Monday, June 11, 2012

When Is It Okay To Criticize?

The other day I read a suspense thriller written and self-published by an acquaintance. I use the term acquaintance rather loosely. With the Internet, we make friends with people we may never see face to face. This person is someone I've emailed a few times and someone whose considerable experience in his field I respect.

Eventually, I got to read his book It started off promising, but soon ran into trouble. I'm not sure what happened with the formatting, but there were no scene breaks. This made it awkward when I would be in one POV and then found myself in another POV with no line break to indicate the scene or person had changed. Along with that came some spelling mistakes.

There was considerable head hopping as if everyone's POV needed to be heard, a classic beginner mistake. Compounding that, were bits of dialogue that didn't quite ring true. It made me wince at times, but I plowed on because the story at its most basic form had potential and it held my interest enough to want to see how it played out.

For all the weaknesses, the suspense was well developed overall and some of the characters were quite engaging. In fact, for me, a couple of the secondary characters occasionally stole the show. The climax happened with a bang and kept me riveted to the pages.

Given the way the story ended, I'm guessing there might be a sequel coming.

Now, I'm a teacher in my day job. I spend time working with students trying to help them improve their language skills. When I explain where a student is making a mistake, I also make a point of telling her where she is doing well.

I wanted to write this author to say, "Hey, I read your book." But I haven't. Because I know if I send an email me that inner teacher is going to come peeking out and start explaining all the areas where this book fails.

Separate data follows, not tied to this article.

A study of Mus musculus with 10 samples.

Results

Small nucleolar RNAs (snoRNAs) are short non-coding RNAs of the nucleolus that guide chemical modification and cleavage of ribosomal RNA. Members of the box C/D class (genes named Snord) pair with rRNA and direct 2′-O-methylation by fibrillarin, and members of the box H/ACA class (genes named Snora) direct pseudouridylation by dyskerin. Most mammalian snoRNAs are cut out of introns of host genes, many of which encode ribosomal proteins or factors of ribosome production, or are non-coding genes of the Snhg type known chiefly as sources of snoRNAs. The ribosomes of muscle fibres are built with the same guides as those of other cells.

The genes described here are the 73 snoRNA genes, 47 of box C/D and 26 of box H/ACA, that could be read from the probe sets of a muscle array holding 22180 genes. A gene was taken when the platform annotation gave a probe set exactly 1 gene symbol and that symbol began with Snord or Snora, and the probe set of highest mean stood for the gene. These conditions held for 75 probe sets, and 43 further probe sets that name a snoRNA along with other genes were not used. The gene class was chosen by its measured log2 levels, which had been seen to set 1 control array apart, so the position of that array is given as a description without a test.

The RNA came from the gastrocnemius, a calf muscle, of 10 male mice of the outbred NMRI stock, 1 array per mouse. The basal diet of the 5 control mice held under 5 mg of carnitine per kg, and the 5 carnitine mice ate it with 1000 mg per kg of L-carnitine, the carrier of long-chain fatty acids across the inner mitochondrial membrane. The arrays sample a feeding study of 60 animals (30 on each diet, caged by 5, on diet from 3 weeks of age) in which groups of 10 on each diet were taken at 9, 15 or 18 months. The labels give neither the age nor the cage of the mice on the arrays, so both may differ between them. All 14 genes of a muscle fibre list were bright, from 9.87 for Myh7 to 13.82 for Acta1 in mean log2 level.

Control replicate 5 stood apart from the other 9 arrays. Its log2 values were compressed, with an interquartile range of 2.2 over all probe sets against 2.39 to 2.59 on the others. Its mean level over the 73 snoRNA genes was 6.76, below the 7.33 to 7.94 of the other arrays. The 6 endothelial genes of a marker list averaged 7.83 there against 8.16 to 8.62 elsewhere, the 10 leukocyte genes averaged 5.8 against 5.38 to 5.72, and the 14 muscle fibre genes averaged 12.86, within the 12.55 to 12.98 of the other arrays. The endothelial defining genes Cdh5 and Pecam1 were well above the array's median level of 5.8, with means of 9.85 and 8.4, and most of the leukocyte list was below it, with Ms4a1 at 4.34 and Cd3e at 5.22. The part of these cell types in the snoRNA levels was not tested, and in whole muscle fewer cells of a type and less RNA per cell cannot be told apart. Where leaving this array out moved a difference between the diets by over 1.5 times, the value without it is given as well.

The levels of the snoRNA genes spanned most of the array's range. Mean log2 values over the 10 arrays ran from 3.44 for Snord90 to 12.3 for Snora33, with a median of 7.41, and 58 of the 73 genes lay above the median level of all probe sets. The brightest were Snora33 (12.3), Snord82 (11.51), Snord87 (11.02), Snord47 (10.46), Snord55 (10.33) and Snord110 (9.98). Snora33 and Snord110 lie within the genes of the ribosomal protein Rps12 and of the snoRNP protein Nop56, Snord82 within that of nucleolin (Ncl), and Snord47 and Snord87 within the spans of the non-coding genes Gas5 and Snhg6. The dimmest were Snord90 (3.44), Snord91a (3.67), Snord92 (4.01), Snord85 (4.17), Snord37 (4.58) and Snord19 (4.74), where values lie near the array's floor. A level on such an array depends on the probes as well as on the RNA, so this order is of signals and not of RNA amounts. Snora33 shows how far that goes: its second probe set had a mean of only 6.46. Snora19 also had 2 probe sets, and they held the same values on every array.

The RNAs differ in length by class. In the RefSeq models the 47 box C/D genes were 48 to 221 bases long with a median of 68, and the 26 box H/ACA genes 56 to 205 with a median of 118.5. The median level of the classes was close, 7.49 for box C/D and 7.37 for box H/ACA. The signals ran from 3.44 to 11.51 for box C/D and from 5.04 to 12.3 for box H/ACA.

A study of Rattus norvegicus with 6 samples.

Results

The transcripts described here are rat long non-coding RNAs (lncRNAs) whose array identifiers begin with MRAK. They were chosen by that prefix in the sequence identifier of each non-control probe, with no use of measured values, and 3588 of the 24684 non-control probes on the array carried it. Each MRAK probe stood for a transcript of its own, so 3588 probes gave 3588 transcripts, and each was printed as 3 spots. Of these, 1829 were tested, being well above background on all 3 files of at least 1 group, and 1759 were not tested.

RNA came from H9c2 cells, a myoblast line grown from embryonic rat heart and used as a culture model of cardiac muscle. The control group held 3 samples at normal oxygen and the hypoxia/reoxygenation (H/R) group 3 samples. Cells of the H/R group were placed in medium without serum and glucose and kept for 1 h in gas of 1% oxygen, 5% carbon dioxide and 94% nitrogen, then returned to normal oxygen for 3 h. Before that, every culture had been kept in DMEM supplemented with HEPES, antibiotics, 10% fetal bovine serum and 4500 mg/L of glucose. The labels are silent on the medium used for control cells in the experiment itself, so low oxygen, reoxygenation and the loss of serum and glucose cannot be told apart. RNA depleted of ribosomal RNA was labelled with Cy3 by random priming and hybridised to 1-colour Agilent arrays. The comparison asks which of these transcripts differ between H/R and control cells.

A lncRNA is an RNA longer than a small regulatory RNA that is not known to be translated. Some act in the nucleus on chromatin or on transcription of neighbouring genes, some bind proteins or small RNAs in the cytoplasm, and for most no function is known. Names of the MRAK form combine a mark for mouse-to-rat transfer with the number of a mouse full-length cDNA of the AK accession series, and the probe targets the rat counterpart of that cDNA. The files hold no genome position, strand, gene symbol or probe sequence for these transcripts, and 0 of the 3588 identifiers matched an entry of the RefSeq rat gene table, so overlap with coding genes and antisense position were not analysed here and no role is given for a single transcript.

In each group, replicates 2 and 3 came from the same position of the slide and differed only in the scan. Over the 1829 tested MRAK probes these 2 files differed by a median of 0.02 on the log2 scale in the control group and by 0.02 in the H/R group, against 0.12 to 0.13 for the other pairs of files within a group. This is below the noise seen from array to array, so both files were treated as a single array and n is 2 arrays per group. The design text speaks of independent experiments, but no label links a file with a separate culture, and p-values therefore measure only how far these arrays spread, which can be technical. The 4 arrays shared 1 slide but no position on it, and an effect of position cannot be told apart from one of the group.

This story had potential but it should not have been published. Not yet. This author would have benefited from some classes on writing craft. Even then, the story needed to be professionally edited and professionally formatted.

Having your friends read it and tell you that it's great is not the most objective form of criticism. Something else I'd point out.

As much as I want to explain all this to this author, I can't. This is his baby. His pride and joy. Who am I to criticize? In the end, the real world can be the hardest teacher of all.


Scotti Cohn said...

The interesting (perhaps a bit sad) thing is: There are a lot of people who won't even notice the problems you mentioned, including the spelling errors!

That said, this is (of course) why the self-publishing craze is so frustrating to authors who have had their work critiqued, edited, and polished to a fare-thee-well before it was allowed out in public. We are all lumped together in the minds of a great many readers as "authors."

"Oh, you wrote a book? So did my uncle... and my neighbor... and my cousin... and my cat..."

I wonder if your acquaintance will ever get the type of feedback his book needs?

Lesley A. Diehl said...

Wouldn't it be great if this author had access to a critique partner or a good writing group, one that provided constructive feedback. I know that may be difficult to find, but there are opportunities out there for exchanging manuscripts or parts of manuscripts. Go to the Guppies subgroup of Sisters in Crime and they have a manuscript swap. Writing is a solitary process, but if we write for publication, we need someone other than Aunt May to tell us what works and what doesn't.


Rolynn Anderson said...

The blogger threw my lengthy comment away, dang it. Thanks for the post, Garbriella. You raise important questions. I always ask what kind of critique the writer tough they want me to be.

Ana Morgan said...

Did (s)he ask for your feedback, Gabriella?

Josie said...

Most writers who have written for a while will probably say they want an honest critique. Perhaps you can steer your "friend" toward a good group for her next book. Sounds like she has potential.